Congresswoman Barbara Lee (D-CA) introduced H.R. 2704 earlier this month. The Justice for the Unprotected against Sexually Transmitted Infections among the Confined and Exposed (JUSTICE) Act is a push to provide condoms to prison inmates. It also calls for reinstatement or reenrollment into Medicaid for inmates who test positive for HIV before reentering the community. Lee said in her press release “As we mark the 30th anniversary of the first discovery of AIDS cases in the U.S., we can no longer afford to ignore the reality that sexually transmitted infections can be spread within our correctional system. I introduced The JUSTICE Act to provide a comprehensive response to the spread of STIs in correctional facilities.”
One study reported in the August 15th edition of the Journal of Acquired Immune Deficiency Syndrome showed that prisoners who were released had the risk factors for contracting the virus and engaged in risky behavior (i.e. unprotected sex, drug abuse, sharing needles). The study found, through a series of post-release interviews, that newly released inmates needed to learn more about HIV and Hepatits C infection and had limited access to health care and medications. But remember, that is all after they are released.
However, another large study that was published in 2006 showed that men who are infected with HIV in prison came to prison already infected. The study also revealed that of the men who did become infected while serving time, half of them reported that their partners were prison staff members. Yes…staff members.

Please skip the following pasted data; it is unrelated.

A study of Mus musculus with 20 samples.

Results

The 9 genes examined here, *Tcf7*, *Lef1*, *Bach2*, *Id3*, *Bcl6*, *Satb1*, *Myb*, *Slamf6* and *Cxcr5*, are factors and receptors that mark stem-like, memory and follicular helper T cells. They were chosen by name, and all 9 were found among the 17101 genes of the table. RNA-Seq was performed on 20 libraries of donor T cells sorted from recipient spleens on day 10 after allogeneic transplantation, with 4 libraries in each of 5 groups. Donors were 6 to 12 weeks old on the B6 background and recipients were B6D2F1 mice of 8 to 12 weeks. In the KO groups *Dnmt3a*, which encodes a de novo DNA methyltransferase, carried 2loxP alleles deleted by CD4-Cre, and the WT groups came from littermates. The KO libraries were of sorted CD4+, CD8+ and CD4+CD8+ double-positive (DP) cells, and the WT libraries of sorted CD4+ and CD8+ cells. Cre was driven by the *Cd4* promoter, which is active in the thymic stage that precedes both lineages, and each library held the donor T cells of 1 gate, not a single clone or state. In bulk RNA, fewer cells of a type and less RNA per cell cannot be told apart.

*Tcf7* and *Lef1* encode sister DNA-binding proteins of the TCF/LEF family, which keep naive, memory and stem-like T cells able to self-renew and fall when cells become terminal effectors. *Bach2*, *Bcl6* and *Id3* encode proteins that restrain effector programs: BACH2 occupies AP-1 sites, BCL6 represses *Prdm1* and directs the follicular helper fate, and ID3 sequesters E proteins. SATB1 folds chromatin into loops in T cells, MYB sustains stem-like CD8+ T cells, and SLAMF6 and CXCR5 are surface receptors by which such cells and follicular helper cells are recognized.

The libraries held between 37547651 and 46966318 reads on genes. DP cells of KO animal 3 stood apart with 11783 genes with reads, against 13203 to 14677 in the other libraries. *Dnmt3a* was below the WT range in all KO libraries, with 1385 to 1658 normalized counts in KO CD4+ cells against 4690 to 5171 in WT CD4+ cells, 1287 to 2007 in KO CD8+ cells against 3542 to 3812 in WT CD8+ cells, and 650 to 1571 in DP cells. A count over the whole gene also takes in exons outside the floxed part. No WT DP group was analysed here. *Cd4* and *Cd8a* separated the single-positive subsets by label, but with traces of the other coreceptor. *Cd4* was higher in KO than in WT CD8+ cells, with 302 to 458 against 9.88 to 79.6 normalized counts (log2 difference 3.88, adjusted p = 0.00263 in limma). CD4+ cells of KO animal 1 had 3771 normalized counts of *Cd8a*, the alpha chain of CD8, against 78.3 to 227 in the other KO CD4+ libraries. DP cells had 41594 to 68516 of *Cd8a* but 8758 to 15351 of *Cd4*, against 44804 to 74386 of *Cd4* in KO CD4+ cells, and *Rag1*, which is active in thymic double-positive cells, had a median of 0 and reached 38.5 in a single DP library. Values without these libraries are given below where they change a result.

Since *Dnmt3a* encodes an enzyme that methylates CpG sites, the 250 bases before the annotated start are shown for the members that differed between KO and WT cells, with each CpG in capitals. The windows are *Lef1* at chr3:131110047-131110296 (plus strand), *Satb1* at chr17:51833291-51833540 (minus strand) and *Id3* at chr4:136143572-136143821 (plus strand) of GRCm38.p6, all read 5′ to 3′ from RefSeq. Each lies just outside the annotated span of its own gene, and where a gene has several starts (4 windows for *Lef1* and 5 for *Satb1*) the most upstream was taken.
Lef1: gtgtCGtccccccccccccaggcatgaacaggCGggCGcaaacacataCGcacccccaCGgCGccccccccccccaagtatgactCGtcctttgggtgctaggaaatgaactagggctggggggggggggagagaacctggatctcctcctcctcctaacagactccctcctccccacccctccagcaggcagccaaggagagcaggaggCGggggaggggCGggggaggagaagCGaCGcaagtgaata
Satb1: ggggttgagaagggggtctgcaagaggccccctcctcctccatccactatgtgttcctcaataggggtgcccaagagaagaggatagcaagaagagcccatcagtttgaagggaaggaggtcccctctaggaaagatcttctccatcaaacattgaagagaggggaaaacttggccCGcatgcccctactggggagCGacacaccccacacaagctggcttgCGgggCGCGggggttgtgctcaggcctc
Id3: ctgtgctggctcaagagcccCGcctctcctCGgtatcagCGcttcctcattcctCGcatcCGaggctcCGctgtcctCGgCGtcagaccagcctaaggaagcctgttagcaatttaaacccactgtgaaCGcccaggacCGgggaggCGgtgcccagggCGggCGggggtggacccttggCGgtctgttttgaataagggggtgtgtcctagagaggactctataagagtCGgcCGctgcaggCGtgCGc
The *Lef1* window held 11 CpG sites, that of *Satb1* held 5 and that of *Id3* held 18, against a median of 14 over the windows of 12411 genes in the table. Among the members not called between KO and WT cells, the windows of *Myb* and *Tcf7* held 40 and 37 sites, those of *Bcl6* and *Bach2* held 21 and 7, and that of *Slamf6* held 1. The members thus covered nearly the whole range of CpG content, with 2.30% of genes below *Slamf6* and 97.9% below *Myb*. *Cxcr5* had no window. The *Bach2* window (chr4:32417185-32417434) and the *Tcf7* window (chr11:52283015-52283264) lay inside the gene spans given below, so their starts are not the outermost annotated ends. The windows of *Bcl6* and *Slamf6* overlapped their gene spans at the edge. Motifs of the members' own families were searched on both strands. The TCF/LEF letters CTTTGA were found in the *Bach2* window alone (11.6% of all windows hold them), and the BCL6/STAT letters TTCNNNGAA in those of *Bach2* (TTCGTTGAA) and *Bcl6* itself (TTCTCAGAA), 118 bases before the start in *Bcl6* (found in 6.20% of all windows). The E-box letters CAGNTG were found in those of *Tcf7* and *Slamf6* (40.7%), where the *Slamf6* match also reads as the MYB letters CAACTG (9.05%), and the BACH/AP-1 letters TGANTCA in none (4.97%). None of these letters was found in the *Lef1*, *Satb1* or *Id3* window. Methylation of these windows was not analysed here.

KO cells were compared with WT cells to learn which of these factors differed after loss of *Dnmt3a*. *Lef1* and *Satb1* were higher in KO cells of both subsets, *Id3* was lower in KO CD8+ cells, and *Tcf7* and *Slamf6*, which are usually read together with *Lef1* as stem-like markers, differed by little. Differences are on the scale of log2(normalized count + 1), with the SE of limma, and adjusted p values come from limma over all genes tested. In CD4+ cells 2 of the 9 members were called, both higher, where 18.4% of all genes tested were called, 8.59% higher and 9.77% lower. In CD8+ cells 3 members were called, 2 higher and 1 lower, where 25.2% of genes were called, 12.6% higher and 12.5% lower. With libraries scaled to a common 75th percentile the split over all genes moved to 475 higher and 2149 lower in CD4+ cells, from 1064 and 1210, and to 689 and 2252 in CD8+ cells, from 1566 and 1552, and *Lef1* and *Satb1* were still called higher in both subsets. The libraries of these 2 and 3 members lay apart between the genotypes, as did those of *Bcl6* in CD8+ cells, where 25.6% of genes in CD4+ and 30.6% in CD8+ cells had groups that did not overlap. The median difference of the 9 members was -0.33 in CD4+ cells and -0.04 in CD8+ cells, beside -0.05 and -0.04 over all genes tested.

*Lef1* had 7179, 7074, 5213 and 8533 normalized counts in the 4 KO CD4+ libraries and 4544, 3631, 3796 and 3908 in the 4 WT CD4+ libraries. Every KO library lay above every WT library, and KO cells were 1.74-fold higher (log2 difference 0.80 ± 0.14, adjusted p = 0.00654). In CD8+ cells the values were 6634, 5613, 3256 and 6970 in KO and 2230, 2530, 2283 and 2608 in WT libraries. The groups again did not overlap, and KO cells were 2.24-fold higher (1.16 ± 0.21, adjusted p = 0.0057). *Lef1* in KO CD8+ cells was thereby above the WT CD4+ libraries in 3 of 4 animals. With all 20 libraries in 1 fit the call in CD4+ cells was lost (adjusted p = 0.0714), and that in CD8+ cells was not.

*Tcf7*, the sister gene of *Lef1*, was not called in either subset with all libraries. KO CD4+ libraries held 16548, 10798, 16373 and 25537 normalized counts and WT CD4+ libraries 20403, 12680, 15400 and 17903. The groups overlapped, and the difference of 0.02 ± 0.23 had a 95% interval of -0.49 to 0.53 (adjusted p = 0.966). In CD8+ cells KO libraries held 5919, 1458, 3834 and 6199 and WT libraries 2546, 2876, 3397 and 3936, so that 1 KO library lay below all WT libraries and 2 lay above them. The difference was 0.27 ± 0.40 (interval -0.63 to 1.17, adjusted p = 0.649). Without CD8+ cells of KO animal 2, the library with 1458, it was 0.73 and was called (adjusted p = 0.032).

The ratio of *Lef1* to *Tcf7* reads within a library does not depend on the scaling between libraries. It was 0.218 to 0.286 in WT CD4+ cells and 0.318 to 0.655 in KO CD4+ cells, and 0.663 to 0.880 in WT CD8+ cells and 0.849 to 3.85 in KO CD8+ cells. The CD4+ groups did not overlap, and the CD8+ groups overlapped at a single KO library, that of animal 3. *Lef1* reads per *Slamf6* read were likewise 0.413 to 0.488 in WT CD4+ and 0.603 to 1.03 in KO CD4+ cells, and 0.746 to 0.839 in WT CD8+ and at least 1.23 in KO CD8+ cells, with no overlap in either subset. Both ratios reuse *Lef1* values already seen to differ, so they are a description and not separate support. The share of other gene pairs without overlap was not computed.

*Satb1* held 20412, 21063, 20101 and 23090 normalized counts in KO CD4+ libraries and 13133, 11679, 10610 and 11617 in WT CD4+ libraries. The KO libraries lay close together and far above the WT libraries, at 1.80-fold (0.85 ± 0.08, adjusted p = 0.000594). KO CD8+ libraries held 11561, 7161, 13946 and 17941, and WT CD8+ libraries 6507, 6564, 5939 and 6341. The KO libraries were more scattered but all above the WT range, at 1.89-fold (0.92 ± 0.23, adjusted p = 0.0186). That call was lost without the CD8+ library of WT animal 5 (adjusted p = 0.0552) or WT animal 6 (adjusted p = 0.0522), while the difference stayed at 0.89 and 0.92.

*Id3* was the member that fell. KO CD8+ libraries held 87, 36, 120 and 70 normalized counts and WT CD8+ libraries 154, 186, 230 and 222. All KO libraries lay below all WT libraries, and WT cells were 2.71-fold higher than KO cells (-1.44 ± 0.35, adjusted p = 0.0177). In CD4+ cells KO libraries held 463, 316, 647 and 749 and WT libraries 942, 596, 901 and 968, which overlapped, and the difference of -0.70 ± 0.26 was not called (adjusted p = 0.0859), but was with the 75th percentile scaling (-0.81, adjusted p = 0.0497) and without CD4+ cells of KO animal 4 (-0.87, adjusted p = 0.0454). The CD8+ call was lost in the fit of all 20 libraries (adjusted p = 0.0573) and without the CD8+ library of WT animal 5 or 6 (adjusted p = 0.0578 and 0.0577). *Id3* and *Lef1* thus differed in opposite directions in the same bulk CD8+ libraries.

This Examiner spoke with Sam*, a veteran prison guard, via telephone interview to explore this issue further. He confirmed that prison guards do in fact have sex with inmates frequently. Sam explained that in order to address the HIV infection rate, we must stop the corruption within the prisons. “We only get paid once a month so by the 15th, you’re broke. There’s plenty of money in the prisons. The female officers will bring in drugs to the inmates for money. All they have to do is hide it in their bras. Or if the inmate loans them some cash til payday and they can’t pay, they exchange sex.” Negotiations like these (for drugs, food, cell phones, time off sentences, etc.) are made between guard and inmate often. Are condoms ever a part of the negotiations? Sam says “no’.
Congresswoman Lee is a respected representative who has been a strong advocate for HIV for many years. She is the founding co-chair of the Congressional HIV/AIDS Caucus. Lee has authored/sponsored/co-sponsored 22 pieces of legislations and/or resolution regarding HIV. But this legislation is going to need some work. To her credit, Representative Lee is right to push for Medicaid services after release. It is imperative that former inmates maintain quality health care and have access to medications to keep their viral load at bay. However, once again, we are presented with the notion that throwing condoms at the problem will make it all go away. If it were that easy, DC would not have one of the highest infection rates in the country considering the city gave out more than three million condoms last year. There are deeper social, economic, and educational issues here to address and until they are, the virus will continue to spread (in and out of prison).
*not his real name
Visit me at TheBody.com.
Do you like reading local HIV/AIDS news? Click on ‘Subscribe’ at the top of this page to receive email alerts when more stories are published in this column.